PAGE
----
Danny Summerhill. If you’re unfamiliar, he’s a cyclocross prodigy with a penchant for road racing. However, this is putting things lightly. As a junior, he became one of the first, and still only, American’s to stand on a World’s ‘cross podium. And now, going into his third season of racing for UnitedHealthcare Pro Cycling, he’s quickly moving up the ranks of professional road cycling.
I caught up with him right before the start of the Tour of Utah to see how his preparations have been going, and just as importantly, to get a feel for one of American cycling’s rising stars. Below, we talk Harry Potter, music, power training, and UHC’s goals heading into America’s toughest stage race. Enjoy.
JS: Explain what’s going on here?
DS: Well, there was a time when Taylor Phinney, Walker Savidge, and I were auditioning to be in a boy band… Just kidding. I really don’t remember — that was ages ago!
JS: It’s no secret that you’re kind of a big deal when it comes to ‘cross. In fact, you’re one of only a handful of Americans to ever step onto a World’s podium. But with a few professional road seasons under your belt, where would you say that your heart belongs, cyclocross or road?
DS: My heart belongs on two wheels. At times, during a very hard road race, I might wish that I was racing a ‘cross bike, or when racing cross in the freezing mud, I might start to think about how nice it would be if I were on my road bike in a nice, sunny race. But all in all, I love doing what I do, and feel very fortunate to be able to call this my job. Road racing for the UnitedHealthcare Pro Cycling Team has 110% of my drive and focus. I’ll cross the other bridge when I get to it (No pun intended).
JS: After racing ‘cross and road around the globe, what would you say your favorite race has been?
I can’t name just one as my favorite, but how about a top three?
Paris-Roubaix, USA Pro Challenge, and the Tour of Utah all share the top spot in my book of races I have done and absolutely love. I may be biased as a Colorado native, but I think it’s hard for anyone to not love the USA Pro Challenge. Colorado gets so many fans lining the roads and the energy is infectious! The Tour of Utah overall finish in downtown Park City is looking promising this year, too!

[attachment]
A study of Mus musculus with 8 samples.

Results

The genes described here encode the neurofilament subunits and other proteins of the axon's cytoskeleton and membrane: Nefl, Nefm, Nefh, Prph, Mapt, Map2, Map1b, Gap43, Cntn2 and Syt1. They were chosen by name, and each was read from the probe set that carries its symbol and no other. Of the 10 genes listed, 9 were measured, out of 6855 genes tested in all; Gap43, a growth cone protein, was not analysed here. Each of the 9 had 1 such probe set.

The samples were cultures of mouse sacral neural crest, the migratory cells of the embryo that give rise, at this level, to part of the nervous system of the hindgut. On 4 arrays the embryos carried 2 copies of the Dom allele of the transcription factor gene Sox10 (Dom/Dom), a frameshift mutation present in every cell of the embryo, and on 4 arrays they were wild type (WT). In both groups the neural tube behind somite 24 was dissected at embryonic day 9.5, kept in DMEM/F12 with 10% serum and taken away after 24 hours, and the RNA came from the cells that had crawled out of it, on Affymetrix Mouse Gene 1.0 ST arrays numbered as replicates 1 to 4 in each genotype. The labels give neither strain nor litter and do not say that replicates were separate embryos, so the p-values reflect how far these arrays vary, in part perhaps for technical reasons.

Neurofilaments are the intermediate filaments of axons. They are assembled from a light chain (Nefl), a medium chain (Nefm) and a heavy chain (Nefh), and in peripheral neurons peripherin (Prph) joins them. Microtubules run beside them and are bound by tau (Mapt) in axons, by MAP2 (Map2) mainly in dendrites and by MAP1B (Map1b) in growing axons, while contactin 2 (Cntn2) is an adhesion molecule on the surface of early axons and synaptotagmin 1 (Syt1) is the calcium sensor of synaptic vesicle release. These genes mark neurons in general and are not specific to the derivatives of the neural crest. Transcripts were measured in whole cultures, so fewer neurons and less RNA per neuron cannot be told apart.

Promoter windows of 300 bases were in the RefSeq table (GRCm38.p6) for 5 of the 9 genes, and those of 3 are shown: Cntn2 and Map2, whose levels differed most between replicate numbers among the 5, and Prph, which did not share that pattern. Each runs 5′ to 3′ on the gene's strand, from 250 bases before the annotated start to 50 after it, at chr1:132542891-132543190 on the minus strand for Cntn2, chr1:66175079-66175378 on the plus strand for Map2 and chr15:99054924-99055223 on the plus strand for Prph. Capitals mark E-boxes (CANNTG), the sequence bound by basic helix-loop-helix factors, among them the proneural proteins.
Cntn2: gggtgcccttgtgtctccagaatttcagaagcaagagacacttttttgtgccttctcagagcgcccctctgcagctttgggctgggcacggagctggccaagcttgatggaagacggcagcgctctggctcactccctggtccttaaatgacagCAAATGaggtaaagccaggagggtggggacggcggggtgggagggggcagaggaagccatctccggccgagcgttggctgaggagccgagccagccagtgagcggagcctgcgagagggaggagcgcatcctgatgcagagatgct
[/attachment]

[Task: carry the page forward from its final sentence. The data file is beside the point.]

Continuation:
JS: Rumor has it that you’re a fan of DMX, any other music on your playlist that we might not expect?
DS: I don’t know where you get your intel from, possibly an interview with the 16-year-old me? I like everything these days, and have even become accepting enough in my later years to appreciate country as well. A little Dixie Chix never hurt anyone, right?
JS: When it comes to using power meters, what do you find more useful — training with power or racing with power?
DS: I’ve trained with power for a number of years, but never until this year have I been so reliant on or impressed with a power meter like I have been with the Pioneer power system. The real-time data Pioneer provides while I’m training and racing is second to none. The dual strain gauges in each crank, that can tell you how and where in your pedal stroke you are being the most efficient, have really helped me towards the end of some races. Seeing that my pedal stroke and efficiency is off from where it should be is all the help and reminder I need to sit up straight, pedal properly, and help deliver teammates like Kiel to the line in first place. We have an incredible package of sponsors this year — just look at the Wilier bikes we get to ride everyday. The complete bike is an unbelievable race tool and Pioneer is an important piece of that.
JS: How has Pioneer made a difference in your performance?
DS: The real-time analysis of how I’m pedaling, for better or worse, has been extremely helpful in making corrections to my pedal stroke mid-ride, and especially mid-race, to get the maximum out of my body and my bike. When you’re several hours into a race, it’s like having a coach with you on the bike telling you what you need to work on in that moment. It’s tremendously helpful.
JS: What’s your role on the team heading into TOU? Any stages that you or the UnitedHealthcare Pro Cycling Team will be targeting?
DS: My role on the team, being one of the youngest, is to help get riders like Kiel Reijnen or Ken Hanson to the line in first. The Tour of Utah has a lot of great opportunities this year. We don’t target certain stages; we target everything.
JS: I heard that you’re pretty into Harry Potter, so it’s sorting Hat time: Gryffindor or Hufflepuff?
DS: What do you take me for?! Obviously, I’d be in Gryffindor. Thanks for your time. It was great talking with you!